On Monday, Seahawks Coach Pete Carroll was asked about Seattle’s search for a quarterback to back up Russell Wilson. Specifically, he was asked about whether his team was interested in Colin Kaepernick or Robert Griffin III, who by most accounts are the top remaining free agent quarterbacks on the market.
“We’re looking at everybody. We really are,” Carroll said. “We’ve been tracking everything that’s going on, and we’ve got cap and roster issues and stuff like that that we’re still trying to manage properly. But quite frankly, yes, we are looking at all those guys.”
So this got us talking at Early Lead HQ about the following question: Who would you rather have on your team, Kaepernick or Griffin? Let’s look at the tale of the tape.
RECENT ON-FIELD HISTORY
Even though both quarterbacks led their horrible teams to just one win apiece in 2016, Kaepernick stayed upright for 11 49ers games as compared with five for Griffin, who suffered a shoulder injury in the Browns’ first game of the season and didn’t return until Week 14. Both completed the exact same percentage of their pass attempts — a rather uninspiring 59.2 percent — though Kaepernick had 16 touchdowns to just four interceptions while Griffin posted a 2/3 in a smaller sample size. Kaepernick had the better total quarterback rating, 55.2 to 45. Kaepernick’s numbers also were better in DYAR (defense-adjusted yards above replacement) and DVOA (defense-adjusted value over average), advanced stats that measure a quarterback’s value over a replacement-level or average quarterback (though neither Kaepernick nor Griffin performed particularly well in those departments).
IN THE LOCKER ROOM
Last season, Kaepernick was named the recipient of the 49ers’ Len Eshmont Award, which is given to the most inspirational and courageous player based on a vote of the team’s players. Chris Cooley, one of Griffin’s former Redskins teammates, once publicly said that Griffin’s wide receivers and offensive linemen didn’t like him, though by all accounts he was an exemplary teammate in Cleveland. The Browns’ players even named him a team captain before the season.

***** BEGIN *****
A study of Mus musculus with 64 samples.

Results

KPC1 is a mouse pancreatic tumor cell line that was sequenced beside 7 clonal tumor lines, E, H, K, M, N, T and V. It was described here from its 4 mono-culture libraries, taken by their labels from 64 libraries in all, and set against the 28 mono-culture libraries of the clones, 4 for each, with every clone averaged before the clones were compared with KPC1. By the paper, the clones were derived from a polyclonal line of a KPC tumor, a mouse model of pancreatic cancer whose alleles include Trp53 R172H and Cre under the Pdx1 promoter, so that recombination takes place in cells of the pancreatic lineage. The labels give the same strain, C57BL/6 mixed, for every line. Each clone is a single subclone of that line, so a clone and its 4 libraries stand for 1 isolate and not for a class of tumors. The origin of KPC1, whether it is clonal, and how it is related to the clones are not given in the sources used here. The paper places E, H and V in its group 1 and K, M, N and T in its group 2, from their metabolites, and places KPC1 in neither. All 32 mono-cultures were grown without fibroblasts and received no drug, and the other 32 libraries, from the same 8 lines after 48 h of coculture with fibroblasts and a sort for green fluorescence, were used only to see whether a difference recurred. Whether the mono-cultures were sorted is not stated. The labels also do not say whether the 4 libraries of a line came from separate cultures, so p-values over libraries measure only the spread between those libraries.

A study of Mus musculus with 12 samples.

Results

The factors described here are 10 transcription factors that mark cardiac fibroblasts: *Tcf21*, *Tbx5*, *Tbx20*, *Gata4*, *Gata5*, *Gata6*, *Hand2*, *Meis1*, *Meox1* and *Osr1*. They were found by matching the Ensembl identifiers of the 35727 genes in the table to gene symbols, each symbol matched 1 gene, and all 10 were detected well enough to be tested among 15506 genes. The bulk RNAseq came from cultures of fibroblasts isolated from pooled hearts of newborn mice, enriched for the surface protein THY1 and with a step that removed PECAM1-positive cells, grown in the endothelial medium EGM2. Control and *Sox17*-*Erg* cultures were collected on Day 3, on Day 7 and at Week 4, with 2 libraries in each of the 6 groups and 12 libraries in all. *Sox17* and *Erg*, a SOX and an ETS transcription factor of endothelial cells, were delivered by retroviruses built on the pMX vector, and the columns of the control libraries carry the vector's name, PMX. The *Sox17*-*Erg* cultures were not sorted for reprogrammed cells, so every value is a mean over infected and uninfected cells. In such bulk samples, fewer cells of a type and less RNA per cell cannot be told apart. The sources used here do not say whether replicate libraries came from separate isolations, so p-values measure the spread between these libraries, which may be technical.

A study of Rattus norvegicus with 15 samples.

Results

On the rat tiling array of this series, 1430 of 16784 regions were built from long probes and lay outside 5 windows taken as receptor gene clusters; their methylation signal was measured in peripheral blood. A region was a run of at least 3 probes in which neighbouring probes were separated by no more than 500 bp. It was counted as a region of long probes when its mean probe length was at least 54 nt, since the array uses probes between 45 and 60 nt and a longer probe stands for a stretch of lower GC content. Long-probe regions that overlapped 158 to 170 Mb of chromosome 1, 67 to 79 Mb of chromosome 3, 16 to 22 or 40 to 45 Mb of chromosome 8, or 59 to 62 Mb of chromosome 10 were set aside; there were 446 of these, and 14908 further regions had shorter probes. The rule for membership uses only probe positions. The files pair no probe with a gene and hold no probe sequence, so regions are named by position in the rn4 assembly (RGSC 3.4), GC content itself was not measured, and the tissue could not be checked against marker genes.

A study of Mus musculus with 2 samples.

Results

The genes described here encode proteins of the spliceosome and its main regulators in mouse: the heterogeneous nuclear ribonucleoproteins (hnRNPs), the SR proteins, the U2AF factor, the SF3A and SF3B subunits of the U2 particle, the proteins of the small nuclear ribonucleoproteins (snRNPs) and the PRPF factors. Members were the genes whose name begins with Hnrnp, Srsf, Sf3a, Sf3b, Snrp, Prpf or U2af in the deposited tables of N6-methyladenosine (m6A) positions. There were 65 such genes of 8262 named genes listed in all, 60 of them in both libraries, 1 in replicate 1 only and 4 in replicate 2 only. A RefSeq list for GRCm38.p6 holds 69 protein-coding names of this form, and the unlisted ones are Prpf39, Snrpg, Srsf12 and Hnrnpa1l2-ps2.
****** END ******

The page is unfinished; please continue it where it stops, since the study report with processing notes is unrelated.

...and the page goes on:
Griffin suffered knee injuries in 2012 and 2013, dislocated his ankle in 2014, was concussed in a 2015 preseason game and fractured a bone in his left shoulder in 2016. Kaepernick’s lone major NFL injury came in 2015, when he suffered what was described as an “extensive” labrum tear in his non-throwing shoulder. But he worked his way back and eventually overtook Blaine Gabbert for the 49ers’ starting quarterback job in 2016.
Kaepernick made waves for kneeling during the national anthem last season, which is either a sign of moral courage or brazen sedition, depending on to whom you’re talking. He reportedly will stop doing that in 2017. Though Griffin comes from an Army family and his patriotism has not been questioned, he is seen by some as a shameless self-promoter and was once described by The Post’s Dan Steinberg as “a grinning, egomaniacal hashtag.” This is perhaps the most scathing thing Dan has ever written about anyone ever.
We’re going with Kaepernick as the more desired quarterback, mainly because Griffin has been so beat up over his career and Kaepernick has proven to be more durable. Their numbers actually are fairly similar, and even though Kaepernick has thrown four more interceptions that Griffin over his career, they’ve come on 472 more attempts. Kaepernick also has a better career adjusted net yards per attempt (6.07 to 5.85). There’s also the not-insignificant fact that Kaepernick has helped lead a team to the Super Bowl.
Neither has a job right now, however, and it’ll be curious to see who gets picked up first.